Lara Dahl, director of family services for Ashley Addiction Treatment, said the facility had to pivot quickly to telehealth services, but it has allowed them to serve people around the world. (Submitted photo)

Lara Dahl, director of family services for Ashley Addiction Treatment, said the facility had to pivot quickly to telehealth services, but it has allowed them to serve people around the world. (Submitted photo)

Founded in 1983 and based in Havre de Grace, the nonprofit Ashley Addiction Treatment offers the full range of addiction treatment services, from ambulatory detox services to 60- to 90-day extended care. The facility has treated more than 50,000 patients and their families.

But last year, the pandemic tossed the institute a curveball that took some nimble footwork to accommodate: how to offer its full continuum of care while protecting both its employees and patients from the coronavirus.

“It required us to pivot very quickly,” said Lara Dahl, director of family services for Ashley.

That pivot was to a telehealth system, in which outpatient treatment is offered virtually rather than in-person.

“We’re fighting two wars – addiction and COVID-19,” said Ashley’s Senior Vice President and Chief Medical and Clinical Officer Dr. Gregory Hobelmann at the time the change was made a year ago. “Addiction is an isolating disease, so by removing these familiar support systems it can be detrimental to sobriety since its foundation rests on maintaining a strong connection to others.”

Physical distancing does not mean completely disconnecting from others, Hobelmann noted, adding that his hope was that the new virtual services “preserve a level of comfort and normalcy to people’s lives as we navigate through this pandemic together.”

The hopes seem to have been realized. Patient visits for Ashley increased by 6% for the March-December period of 2020 over the same period in 2019, and successful program completions increased by 11% from March-July 2019 to the same period last year.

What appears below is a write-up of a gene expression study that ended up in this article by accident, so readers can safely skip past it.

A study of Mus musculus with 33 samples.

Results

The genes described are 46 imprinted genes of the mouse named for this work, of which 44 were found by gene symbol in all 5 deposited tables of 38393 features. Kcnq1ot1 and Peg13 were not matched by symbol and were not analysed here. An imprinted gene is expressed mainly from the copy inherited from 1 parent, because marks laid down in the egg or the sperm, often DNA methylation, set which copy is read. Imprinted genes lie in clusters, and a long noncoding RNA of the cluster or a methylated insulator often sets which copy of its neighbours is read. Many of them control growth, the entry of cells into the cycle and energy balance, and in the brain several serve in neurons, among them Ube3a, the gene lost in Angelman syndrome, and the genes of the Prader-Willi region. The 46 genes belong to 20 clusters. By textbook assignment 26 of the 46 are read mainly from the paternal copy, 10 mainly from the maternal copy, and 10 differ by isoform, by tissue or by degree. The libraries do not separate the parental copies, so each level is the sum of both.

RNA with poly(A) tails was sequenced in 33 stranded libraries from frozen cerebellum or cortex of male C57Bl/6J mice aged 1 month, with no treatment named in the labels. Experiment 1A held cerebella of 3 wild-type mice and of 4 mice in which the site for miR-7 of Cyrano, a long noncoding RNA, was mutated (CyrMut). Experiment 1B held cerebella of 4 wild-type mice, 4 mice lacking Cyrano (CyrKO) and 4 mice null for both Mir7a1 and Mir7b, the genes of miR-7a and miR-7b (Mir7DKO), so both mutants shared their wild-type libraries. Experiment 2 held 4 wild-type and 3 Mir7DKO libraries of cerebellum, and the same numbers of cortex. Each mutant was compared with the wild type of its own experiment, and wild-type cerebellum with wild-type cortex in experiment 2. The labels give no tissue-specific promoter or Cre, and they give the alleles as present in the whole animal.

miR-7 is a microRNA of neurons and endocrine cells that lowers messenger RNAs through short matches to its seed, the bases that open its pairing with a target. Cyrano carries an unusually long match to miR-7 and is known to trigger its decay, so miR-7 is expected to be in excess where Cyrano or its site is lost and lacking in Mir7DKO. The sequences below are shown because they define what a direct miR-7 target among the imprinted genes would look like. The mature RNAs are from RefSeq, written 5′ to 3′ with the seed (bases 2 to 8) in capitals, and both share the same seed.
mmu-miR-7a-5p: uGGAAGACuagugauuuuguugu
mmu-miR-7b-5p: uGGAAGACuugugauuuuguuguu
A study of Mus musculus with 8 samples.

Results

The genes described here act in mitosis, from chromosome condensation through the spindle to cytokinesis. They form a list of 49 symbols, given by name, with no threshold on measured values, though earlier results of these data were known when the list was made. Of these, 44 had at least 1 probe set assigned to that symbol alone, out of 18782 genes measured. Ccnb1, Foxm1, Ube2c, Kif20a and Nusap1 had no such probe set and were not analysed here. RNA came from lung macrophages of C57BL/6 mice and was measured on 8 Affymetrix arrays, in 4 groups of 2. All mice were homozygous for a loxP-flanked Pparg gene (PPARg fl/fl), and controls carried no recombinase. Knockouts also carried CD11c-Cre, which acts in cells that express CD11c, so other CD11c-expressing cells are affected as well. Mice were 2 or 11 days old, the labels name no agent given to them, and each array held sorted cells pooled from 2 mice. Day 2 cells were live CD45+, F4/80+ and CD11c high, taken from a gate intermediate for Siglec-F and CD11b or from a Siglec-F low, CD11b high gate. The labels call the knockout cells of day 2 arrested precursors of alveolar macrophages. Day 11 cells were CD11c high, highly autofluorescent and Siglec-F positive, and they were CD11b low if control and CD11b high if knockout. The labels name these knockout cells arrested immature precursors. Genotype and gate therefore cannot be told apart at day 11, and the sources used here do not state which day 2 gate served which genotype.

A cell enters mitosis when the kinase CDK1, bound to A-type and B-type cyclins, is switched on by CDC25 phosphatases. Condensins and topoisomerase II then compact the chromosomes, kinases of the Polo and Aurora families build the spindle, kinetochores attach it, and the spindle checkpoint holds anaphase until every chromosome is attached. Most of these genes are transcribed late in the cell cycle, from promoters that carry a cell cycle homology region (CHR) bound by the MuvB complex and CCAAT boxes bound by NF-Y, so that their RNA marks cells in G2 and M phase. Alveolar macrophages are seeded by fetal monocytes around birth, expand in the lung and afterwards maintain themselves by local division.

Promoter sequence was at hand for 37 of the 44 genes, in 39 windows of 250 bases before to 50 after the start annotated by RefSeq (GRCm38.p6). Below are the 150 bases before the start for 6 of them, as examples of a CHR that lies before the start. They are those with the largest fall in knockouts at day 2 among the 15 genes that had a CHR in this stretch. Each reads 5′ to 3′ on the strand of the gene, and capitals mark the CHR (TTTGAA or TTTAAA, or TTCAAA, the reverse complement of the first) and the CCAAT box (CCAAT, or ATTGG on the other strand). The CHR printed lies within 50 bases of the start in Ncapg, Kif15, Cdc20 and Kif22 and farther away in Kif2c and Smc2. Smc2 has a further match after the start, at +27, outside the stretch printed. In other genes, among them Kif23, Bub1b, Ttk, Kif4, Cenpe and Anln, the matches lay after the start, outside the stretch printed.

The shift was not without challenges. One was learning how to keep patients engaged, which is harder virtually than in person, according to Jennifer Aguglia, Ashley’s vice president of Outpatient Services. People can get distracted easily, especially in group sessions, she said, plus not everyone has access to the needed technology.

To solve the latter problem, she said, Ashley offered patients the option of coming into the office and using an iPad provided by Ashley in a private room.

But virtual treatment also had advantages. It made the treatment both more acceptable and accessible, Aguglia said. Since switching to telehealth, family participation in the treatment, which is considered crucial, has climbed from about 60% before the pandemic to more than 90% now.

“We also have been able to provide services worldwide,” Dahl said. “It removes a lot of barriers to working with these families, which helps assure a successful recovery.”

Patients have applauded the changes, Aguglia said.

“We’ve had patients come back and say, ‘I hope you’re going to offer this after the pandemic.’ They say they’ve never been successful before but they now are because they don’t have to worry about a ride to appointments, about fitting a personal visit into their work schedule.”

Starting this month, the virtual-only restrictions have been eased for some services. Ashley officials are still hoping to continue to offer virtual treatment options, but that depends in part on help from the state of Maryland.

Restrictions on reimbursing providers for telehealth care were lifted because of the state of emergency prompted by the pandemic. But when that ends, the restrictions can return, putting a serious damper on the use of telehealth.

Bills introduced in the Maryland General Assembly would ensure that those services, including those offered by addiction treatment facilities such as Ashley, would be covered and reimbursable.

Ashley’s use of telehealth for addiction treatment during the pandemic is part of a national trend.

In an email response to questions, Dr. Neeraj Gandotra, chief medical officer for the national Substance Abuse and Mental Health Services Administration, said the pandemic has made telehealth services for behavioral health needs much more common. SAMHSA, he said, helped insure that telehealth services would be covered for reimbursement at the federal level, and also provided training for substance use and mental health therapists not used to virtual visits.

“People pursuing recovery for mental and substance use needs benefit from consistent access to a wide range of services,” Gandotra said. While treatment benefits from in-person interaction, he said, “telehealth helps maintain that consistency for patients at a time when in-person interactions can carry a health risk, depending on the circumstances.”